Thursday, January 22, 2015

1 Editor Samantha Streger of Full Fathom Five Digital

Today I have a very special guest to introduce. My editor, the lovely Samantha Streger! The best news? FFF Digital is open to submissions (including YA) Read below to find out more about Samantha and the company. 

Samantha Streger is the Publisher of Full Fathom Five Digital, where she has the badass job of publishing and promoting commercial books. Before joining FFF, she was Associate Editor in the teen & children’s department at Open Road Integrated Media, so ebooks are her forte. She also holds a publishing certificate from NYU and previously worked at Disney Publishing Worldwide and the Wallace Literary Agency. When she’s not reading and editing, Samantha can be found watching "Vampire Diaries" and re-runs of "The Office," and trying to quit the gym. 

Submission/contest info:
Full Fathom Five Digital ( is accepting manuscript submissions. We’re looking for young adult, new adult, and adult commercial fiction, especially genre-driven work in the Fantasy, Sci-fi, Romance, Horror, and Mystery Categories. Please send a brief description of your work and a manuscript to submissions@fullfathomfive.comQuestions? Read our submission Q&A before you ask!
We also hosted a $10,000 fiction contest this November. Stay tuned as we announce the finalists and Grand Prize Winner on February 25th—the same day you’ll be playing hooky from work and reading Lisa Green’s Soul-Crossed :D! 
1. How did you decide to become an editor?

I wanted to be an editor since the third grade. Of course, at the time, I thought being an editor was the same thing as being a copyeditor or proofreader, fixing typos and perfecting grammar! I was a stickler for mistakes. When I learned more about content editing, though, I found it even more interesting to give creative input. Even though I don’t have a large opportunity to edit these days, I keep taking on projects because of how much I enjoy being involved in the artistic process.

2. What are some of your favorite YA/children’s books?

Ella Enchanted by Gail Carson Levine—the best Cinderella.  The Song of the Lioness quartet by Tamora Pierce is one of those series that forever changed me as a person. And I’m not ashamed to say that I love Harry Potter. (And I trusted Snape all along.)

3. What are some things NOT to do when submitting work?

Do not describe your book as containing "the marketability of Harry Potter with the mystery and intrigue of the Hunger Games.” Yes, that’s a real pitch letter I’ve received. Comparing your book to the most popular mainstream titles of the day digs a hole of expectation it’s almost impossible to crawl out of.

4. What title are you most proud of and how did you find the author? Besides myself of course! LOL

I am incredibly proud of my first acquisition for FFFDig: The Apartment Novels by Amanda Black (an adult romance series). I was a fan of Amanda’s stories when they were originally published online for free, and for years I'd dreamed of acquiring and publishing one of the amazingly talented fanfiction authors whose work I admired. I reached out to her on my first day at Full Fathom Five Digital; she had just begun the process of sending the manuscript out to agents. It was meant to be!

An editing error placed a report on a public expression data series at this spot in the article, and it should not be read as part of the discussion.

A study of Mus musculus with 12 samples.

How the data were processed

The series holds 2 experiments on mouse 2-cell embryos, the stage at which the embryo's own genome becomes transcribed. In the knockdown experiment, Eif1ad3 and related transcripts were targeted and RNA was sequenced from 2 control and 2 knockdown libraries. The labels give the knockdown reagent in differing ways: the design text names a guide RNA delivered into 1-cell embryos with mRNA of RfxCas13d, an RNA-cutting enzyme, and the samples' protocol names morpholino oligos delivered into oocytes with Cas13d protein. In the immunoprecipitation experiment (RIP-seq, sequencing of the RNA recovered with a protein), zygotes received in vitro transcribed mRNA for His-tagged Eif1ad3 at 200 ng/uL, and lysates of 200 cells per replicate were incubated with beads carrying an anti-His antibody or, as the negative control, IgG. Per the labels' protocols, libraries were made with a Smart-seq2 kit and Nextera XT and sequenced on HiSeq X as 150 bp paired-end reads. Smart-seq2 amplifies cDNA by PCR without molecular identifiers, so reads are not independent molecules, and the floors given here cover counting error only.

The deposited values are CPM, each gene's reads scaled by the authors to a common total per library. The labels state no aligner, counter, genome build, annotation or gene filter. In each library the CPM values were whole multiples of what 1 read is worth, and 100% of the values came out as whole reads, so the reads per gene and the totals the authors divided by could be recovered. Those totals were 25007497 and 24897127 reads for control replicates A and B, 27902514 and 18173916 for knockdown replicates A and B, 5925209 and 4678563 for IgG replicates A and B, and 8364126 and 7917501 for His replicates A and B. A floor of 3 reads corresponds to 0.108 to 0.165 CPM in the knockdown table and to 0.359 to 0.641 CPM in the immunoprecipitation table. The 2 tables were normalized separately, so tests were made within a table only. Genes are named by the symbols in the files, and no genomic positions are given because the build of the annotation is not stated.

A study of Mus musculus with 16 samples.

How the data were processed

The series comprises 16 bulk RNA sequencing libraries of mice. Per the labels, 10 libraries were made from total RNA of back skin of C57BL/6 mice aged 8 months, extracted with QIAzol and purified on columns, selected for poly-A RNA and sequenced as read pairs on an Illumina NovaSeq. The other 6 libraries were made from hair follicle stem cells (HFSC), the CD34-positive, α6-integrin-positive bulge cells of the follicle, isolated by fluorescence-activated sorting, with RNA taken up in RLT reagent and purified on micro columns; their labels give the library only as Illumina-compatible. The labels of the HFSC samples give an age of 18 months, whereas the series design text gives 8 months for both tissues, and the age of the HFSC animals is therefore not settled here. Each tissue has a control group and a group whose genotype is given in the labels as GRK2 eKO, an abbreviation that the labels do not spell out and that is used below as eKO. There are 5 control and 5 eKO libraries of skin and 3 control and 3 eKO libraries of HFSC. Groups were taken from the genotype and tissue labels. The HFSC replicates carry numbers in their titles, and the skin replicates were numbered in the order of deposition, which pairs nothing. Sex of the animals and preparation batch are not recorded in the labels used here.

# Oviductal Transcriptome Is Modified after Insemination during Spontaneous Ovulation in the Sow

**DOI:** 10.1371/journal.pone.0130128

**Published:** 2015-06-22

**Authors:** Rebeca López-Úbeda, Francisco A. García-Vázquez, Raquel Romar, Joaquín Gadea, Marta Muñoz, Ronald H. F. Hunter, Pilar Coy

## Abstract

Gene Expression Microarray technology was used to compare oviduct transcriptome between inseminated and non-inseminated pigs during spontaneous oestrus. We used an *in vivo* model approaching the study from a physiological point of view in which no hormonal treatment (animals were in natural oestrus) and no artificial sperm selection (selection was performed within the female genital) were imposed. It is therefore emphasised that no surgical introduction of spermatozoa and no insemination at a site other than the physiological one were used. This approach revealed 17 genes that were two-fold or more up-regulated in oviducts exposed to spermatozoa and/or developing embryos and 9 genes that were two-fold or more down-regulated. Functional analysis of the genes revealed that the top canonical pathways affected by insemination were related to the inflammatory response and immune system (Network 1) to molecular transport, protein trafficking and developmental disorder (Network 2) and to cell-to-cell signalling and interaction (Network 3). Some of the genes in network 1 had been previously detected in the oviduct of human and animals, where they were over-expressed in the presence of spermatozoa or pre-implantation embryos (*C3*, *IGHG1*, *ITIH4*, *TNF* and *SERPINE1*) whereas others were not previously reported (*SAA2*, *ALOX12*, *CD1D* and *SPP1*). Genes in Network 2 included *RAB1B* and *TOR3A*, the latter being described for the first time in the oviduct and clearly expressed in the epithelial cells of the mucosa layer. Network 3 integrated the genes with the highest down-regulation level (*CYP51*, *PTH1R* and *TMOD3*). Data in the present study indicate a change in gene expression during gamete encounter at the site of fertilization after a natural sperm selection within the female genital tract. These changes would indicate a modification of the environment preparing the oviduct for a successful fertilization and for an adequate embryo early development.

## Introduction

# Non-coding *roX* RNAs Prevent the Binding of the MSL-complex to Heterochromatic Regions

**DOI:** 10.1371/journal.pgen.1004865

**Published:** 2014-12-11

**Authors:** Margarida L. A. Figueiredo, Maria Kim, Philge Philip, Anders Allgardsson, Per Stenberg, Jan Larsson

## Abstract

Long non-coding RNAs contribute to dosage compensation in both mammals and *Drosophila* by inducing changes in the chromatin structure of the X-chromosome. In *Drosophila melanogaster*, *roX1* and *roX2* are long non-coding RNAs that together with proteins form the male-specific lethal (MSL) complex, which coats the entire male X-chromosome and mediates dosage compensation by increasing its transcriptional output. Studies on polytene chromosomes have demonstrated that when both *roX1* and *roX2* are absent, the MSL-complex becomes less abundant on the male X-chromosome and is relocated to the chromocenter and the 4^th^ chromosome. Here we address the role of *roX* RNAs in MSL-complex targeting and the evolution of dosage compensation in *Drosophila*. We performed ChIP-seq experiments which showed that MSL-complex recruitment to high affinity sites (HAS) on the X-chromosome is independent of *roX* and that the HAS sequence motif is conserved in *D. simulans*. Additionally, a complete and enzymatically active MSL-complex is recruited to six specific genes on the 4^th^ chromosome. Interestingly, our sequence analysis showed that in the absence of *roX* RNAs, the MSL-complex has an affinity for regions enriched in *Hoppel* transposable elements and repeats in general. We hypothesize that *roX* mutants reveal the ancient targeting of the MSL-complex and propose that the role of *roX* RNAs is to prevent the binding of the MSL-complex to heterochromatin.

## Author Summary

5. What is more important: character, plot, or world? 

Character. Particularly in YA / coming-of-age novels, there’s nothing better than the emotions evoked by a characters reactions and misperceptions. An incredible world and a strong plot is useless without characters to care about.

6. What book do you wish you’d edited?

I wish I’d edited Fifty Shades of Grey, because Anastasia Steele would not have become the Editorial Director of a publishing company after working there for about a week. (It takes at least two). 
And then I’d be the editor of Fifty Shades of Grey!

7. What’s your favorite part of being an editor?

Getting notes like this from authors: "Ha, I swear to God that you have a finesse translator, because that's what I MEANT it to sound like.” 
8. What does FFF Digital offer an author that’s different?
In 2014, we saw large publishing houses still operating in a lot of traditional ways, while the realm of self-publishing cracked wider and wider open and was packed too full of content from many worthy authors looking for an audience. FFF Digital offers the expertise and services of a professional publisher, but also works with our authors to navigate the individual need for continual marketing and exposure. We also have a Full Fathom Five Productions arm in LA and thus an enormous opportunity to bring our content to the big screen!
9. Coffee, tea, chocolate — what’s your vice?

I love coffee, but I wouldn’t call it a vice. I just have to have it before anyone speaks to me.

Me too. And that's why we get along so well. Thank you, Samantha!

1 comment:

  1. I love your comment that character is more important in YA (and middle-grade, which I also write). When I was learning to write (okay, still am), I concentrated on plot for my adult novels. When I found myself getting pulled into YA and MG, I realized that some very popular books had average plots. And I loved them anyway. Oddly, I've always thought that character development was my weak point, but my editor (independent, I'm unpublished) and beta-readers tell me it's my strong point. Maybe all writers think they suck at character development. But I love the freedom that comes with YA. I can write irrational characters because we were all irrational at that age. It makes for an interesting cast. Thanks for the post!